What the EEOC says about Ageism
“How long am I going to be able to work in my field?” “How long before my position is take and given to a younger version of me?” “Am I viewed differently and less effective due to my age?” “Will I be overlooked for promotions?” Many professionals ask questions like these after reaching the age of 50-55. Some of these questions are well founded. Ageism does exist and is there a way to fight against it? Ageism is a form of discrimination and prejudice particularly based on a person’s age. Age discrimination (or ageism) is not typically recognized by the court until the age of 40.
With the rate of unemployed Americans increasing, the competition for obtaining jobs and maintaining jobs has become more evident. In the past it was an advantage to be loyal to a company or an organization and to “grow” with the company. Many companies, in fact, rewarded longevity in employees by bonuses after reaching certain employment anniversaries.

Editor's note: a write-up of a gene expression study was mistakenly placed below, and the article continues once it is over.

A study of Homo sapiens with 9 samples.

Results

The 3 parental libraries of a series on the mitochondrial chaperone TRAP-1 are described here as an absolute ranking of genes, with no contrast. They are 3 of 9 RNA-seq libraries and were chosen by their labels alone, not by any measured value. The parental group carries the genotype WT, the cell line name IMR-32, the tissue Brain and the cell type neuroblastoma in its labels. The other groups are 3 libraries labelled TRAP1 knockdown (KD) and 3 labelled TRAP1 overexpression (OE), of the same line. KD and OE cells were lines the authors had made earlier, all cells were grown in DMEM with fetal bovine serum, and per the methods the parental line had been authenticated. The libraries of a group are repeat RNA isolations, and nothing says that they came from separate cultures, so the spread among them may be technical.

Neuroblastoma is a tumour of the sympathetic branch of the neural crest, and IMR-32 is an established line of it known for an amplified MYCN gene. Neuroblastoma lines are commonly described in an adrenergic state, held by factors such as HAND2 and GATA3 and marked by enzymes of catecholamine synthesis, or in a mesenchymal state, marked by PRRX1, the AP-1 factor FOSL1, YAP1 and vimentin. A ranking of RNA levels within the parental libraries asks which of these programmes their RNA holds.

Seniority was a term of prestige and respect, an earned badge of loyalty. However, in today’s society that is no longer the case. Often regardless of the experience, performance qualifications, and longevity of employment within a company a person can still be wrongfully terminated based on their age. Sometimes age is only a result of acquiring attributes as such listed above and with those come a higher cost of compensation.
With more experience, and the qualifications of the job and older person can often require a higher paying salary. However, companies can higher a younger person that is right out of school and pay them a lot less money to do the same job.
If you feel that you have been wrongfully terminated because of your age, contact the Teal & Montgomery employment lawyers to evaluate your case. Call Santa Rosa Office: 707-703-4038 or Sacramento Office: 916-472-0003 for a free consultation today.